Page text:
When we hear the word “apology,” we understand that it means one is sorry for a wrong that was committed. However, the Biblical Greek word that we get the word apology from, apologia, means something quite different. It conveyed to the early Christians a defence or reasoned argument for their hope. Peter used the term in a passage (1 Peter 3:15) advising his fellow Christians to be ready to answer anyone who asks what made them different from others who worshipped a god or gods. The answer, of course, was Jesus and His redemptive work.
The meaning of this word apologia is worth thinking about when we seek to express our sorrow for our actions. It is easy to give a “reasoned defence” for why and how we have hurt others. Sometimes we think that doing so exonerates us. We need to know that an apology does not end with the proclamation of words, but that deeds need to follow so that the hurt that was caused can be dealt with.
As followers of Christ, we are to consider him in all that we do. The world needs to see that we have a hope, that the Christian gospel and the One to whom it points have made a difference in our lives. When we live in the light of Christ, apologies in word and deed can be a powerful witness. Over the years of my ministry, I have heard that an apology, in word and reparation, had given a reason for some to consider Jesus and for others to start to follow him. What an amazing and beautiful result when our lives are an apologetic.
Unfortunately, this has not always been the case. Our personal sins can sometimes infiltrate our collective life until they become indefensible. We Indigenous people have heard a number of apologies from the leaders of our community institutions, including the Church. Often those who have seen themselves as people of God have tried to ease their own guilt and the collective guilt of the Church for the many genocidal acts that have been perpetrated. Wolves in sheep’s clothing have often proclaimed their adherence to the Creator and lover of all humankind.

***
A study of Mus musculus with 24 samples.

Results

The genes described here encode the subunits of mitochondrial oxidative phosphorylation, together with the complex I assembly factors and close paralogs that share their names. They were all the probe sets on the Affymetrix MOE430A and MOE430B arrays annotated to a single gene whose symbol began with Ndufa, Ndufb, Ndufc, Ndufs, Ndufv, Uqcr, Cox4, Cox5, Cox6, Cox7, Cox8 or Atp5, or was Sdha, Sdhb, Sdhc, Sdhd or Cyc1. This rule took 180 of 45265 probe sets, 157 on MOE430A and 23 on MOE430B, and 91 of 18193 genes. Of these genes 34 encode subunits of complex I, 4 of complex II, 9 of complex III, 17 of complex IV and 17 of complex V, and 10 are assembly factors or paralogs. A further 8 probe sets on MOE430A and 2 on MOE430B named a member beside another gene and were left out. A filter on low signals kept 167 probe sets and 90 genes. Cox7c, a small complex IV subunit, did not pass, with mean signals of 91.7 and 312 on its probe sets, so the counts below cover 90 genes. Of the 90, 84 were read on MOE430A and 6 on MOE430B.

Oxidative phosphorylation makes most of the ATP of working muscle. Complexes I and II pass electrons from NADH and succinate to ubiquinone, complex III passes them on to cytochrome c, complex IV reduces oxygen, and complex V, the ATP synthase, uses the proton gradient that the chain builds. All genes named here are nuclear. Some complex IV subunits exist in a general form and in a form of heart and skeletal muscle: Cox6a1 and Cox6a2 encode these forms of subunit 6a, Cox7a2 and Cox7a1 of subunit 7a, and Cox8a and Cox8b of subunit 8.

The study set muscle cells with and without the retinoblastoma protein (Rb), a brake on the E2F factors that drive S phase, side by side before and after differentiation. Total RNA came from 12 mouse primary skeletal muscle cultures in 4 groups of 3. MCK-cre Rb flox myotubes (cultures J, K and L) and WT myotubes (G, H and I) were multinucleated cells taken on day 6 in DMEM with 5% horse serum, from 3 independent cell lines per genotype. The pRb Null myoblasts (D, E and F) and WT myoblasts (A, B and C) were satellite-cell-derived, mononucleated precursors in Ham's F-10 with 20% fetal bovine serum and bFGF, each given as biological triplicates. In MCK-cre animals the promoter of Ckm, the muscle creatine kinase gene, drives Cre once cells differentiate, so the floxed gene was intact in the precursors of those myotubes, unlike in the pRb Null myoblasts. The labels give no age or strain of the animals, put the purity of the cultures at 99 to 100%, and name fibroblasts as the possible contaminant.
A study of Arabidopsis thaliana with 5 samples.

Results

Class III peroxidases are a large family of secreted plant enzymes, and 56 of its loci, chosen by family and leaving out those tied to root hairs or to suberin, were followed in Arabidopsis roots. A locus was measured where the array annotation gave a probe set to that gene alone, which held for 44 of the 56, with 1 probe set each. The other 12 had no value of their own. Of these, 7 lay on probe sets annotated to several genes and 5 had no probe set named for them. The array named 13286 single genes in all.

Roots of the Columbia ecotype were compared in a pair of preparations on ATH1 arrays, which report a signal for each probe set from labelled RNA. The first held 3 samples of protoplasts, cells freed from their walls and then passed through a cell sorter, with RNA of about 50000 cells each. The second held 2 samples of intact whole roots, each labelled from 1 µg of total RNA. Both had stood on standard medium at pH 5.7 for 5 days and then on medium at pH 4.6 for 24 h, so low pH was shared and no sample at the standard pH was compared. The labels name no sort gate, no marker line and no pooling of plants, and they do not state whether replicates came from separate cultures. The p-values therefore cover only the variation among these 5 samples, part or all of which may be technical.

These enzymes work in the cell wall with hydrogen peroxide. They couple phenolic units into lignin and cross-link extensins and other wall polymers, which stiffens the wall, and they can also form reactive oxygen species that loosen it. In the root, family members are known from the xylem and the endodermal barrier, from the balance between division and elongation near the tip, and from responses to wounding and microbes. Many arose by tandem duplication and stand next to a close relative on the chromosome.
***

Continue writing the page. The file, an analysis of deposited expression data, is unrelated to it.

The non-token actions that are supposed to follow an apology are still patiently awaited by Indigenous peoples. Were the words of solidarity and healing in past apologies by Church leaders just cheap sentiments, and has the Church implicated Jesus with its actions and lack of action?
Despite all the pain and sorrows that the Church has caused, it seems that words of forgiveness have been extended to the Church by those who have received the many apologies. Archbishop of Canterbury Justin Welby said, after his apology at Prince Albert, Sask. this past May, “I heard time and again the words of grace expressed towards the church.” Further, he said he was “humbled” and found it “unbelievable that you are ever willing to attempt to listen to this apology, and to let us walk on the long journey of renewal and reconciliation.”
How could this be? It may have something to do with Peter’s use of the word apologia to mean a reasoned argument for hope. Welby also said, “The presence of grace is always the greatest sign of the presence of God,” and I think God was in the thoughts of those who expressed words of grace to the church that day. The listeners had considered Jesus, they understood the reason for their hope, forgave and took the hand of the representative of the colonial church in hopes that a new relationship could be forged—a relationship based on the One who can make a change and a difference.